Archive for November 4th, 2010

Whooping Crane Migration

Thursday, November 4th, 2010

This is Passport to Texas

This time of year when you look high overhead, you might just see whooping cranes.

10—Every year, about this time of year, we start getting emails and telephone calls from people all excited that they’ve seen whooping cranes flying over; and usually it’s between 50 and 100 birds.

But, Mark Klym, with the agency’s Wildlife Diversity program, says if you do witness a huge flock of big birds in the clouds…

07—I’m sorry, that’s not whooping cranes. Whooping Cranes never fly in a flock larger than about 10 birds, and very rarely more than six birds.

Well, maybe what you saw were sand hill cranes. Even so, North America’s biggest bird could still mingle in the mix.

05—Usually they’re off to the side. You’ll get the sand hills in a group and the whooping cranes off in a group on their own.

Whooping cranes, on the endangered species list, come through Texas’ Central Flyway this month on their way to the Aransas National Wildlife Refuge to overwinter.

15—We are optimistic that we are going to see a good population at Aransas National Wildlife Refuge. Certainly a recovery from what we saw in the past winter.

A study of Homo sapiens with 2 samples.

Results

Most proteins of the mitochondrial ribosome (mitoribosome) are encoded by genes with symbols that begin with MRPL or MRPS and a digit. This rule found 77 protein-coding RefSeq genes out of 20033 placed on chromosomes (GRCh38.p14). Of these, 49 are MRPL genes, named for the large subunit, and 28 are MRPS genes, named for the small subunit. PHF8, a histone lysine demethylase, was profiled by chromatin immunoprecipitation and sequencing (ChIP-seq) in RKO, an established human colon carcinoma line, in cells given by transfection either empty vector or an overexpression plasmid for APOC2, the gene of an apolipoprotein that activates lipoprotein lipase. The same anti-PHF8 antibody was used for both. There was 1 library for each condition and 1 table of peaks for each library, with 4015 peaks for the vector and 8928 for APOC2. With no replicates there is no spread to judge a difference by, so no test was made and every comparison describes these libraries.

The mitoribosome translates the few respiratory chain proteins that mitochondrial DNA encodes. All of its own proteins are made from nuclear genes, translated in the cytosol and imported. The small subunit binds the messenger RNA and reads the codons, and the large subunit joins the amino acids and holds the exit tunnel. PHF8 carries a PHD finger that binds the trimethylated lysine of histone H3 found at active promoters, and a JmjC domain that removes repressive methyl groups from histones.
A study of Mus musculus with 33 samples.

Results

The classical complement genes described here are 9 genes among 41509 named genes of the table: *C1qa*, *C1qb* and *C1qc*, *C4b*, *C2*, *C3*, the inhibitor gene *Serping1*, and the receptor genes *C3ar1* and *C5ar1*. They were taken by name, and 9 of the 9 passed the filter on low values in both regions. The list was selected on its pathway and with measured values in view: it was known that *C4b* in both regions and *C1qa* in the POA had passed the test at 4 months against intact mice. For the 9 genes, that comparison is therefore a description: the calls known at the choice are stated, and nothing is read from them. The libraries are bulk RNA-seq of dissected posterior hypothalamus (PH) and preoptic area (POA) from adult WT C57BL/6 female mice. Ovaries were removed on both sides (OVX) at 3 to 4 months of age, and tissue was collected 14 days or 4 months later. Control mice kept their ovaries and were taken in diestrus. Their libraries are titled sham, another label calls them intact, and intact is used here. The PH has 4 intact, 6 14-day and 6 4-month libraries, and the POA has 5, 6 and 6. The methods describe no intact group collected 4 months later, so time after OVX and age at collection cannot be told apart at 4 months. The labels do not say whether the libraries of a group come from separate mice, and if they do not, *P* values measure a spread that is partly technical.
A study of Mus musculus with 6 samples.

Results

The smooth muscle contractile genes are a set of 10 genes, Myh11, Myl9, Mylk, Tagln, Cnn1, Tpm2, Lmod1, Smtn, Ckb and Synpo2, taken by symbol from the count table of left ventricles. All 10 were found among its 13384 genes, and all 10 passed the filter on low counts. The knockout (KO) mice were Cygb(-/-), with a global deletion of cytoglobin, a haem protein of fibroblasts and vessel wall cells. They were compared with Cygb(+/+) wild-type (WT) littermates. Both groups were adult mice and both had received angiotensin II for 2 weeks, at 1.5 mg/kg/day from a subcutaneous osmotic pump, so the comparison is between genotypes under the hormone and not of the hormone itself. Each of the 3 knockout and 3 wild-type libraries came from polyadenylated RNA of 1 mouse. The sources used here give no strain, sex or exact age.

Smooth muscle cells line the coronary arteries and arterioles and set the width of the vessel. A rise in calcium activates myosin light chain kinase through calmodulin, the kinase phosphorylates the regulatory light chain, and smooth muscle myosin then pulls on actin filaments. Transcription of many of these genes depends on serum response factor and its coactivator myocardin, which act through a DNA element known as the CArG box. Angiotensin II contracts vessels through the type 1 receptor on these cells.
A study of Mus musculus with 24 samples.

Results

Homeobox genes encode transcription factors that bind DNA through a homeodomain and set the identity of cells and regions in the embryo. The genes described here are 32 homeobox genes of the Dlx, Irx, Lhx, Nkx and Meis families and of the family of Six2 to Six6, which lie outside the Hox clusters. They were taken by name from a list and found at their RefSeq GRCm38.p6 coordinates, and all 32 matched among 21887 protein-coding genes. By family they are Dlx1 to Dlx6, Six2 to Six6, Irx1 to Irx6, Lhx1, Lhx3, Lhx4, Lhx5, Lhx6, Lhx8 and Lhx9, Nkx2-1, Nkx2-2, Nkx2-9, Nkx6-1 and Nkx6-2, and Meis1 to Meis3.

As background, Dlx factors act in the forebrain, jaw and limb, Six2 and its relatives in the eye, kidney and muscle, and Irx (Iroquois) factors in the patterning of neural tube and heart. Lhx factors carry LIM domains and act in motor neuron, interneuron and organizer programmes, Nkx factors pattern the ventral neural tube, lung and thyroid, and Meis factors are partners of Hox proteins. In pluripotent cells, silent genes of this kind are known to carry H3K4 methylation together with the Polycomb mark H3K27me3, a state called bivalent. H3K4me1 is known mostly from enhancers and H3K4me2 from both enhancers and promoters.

And what happened in the past winter?

Well, with the drought, we had very few blue crabs in the bays and as result suffered; we had a few losses.

If you do see whooping cranes in migration, contact Mark Klym. You’ll find his information at

That’s our show…with support from the Sport Fish and Wildlife Restoration Program… for Texas Parks and Wildlife …I’m Cecilia Nasti.

Whooping cranes are protected by federal and state endangered species laws, and Texans can help safeguard this national treasure by helping to prevent harm or harassment to whooping cranes. Anyone sighting a whooping crane is asked to report it to Texas Parks and Wildlife Department at (800) 792-1112, extension 4644 or, alternatively at (512) 847-9480. Sightings can also be reported via e-mail at

Check out this YouTube video of whooping cranes at Aransas national Wildlife Refuge.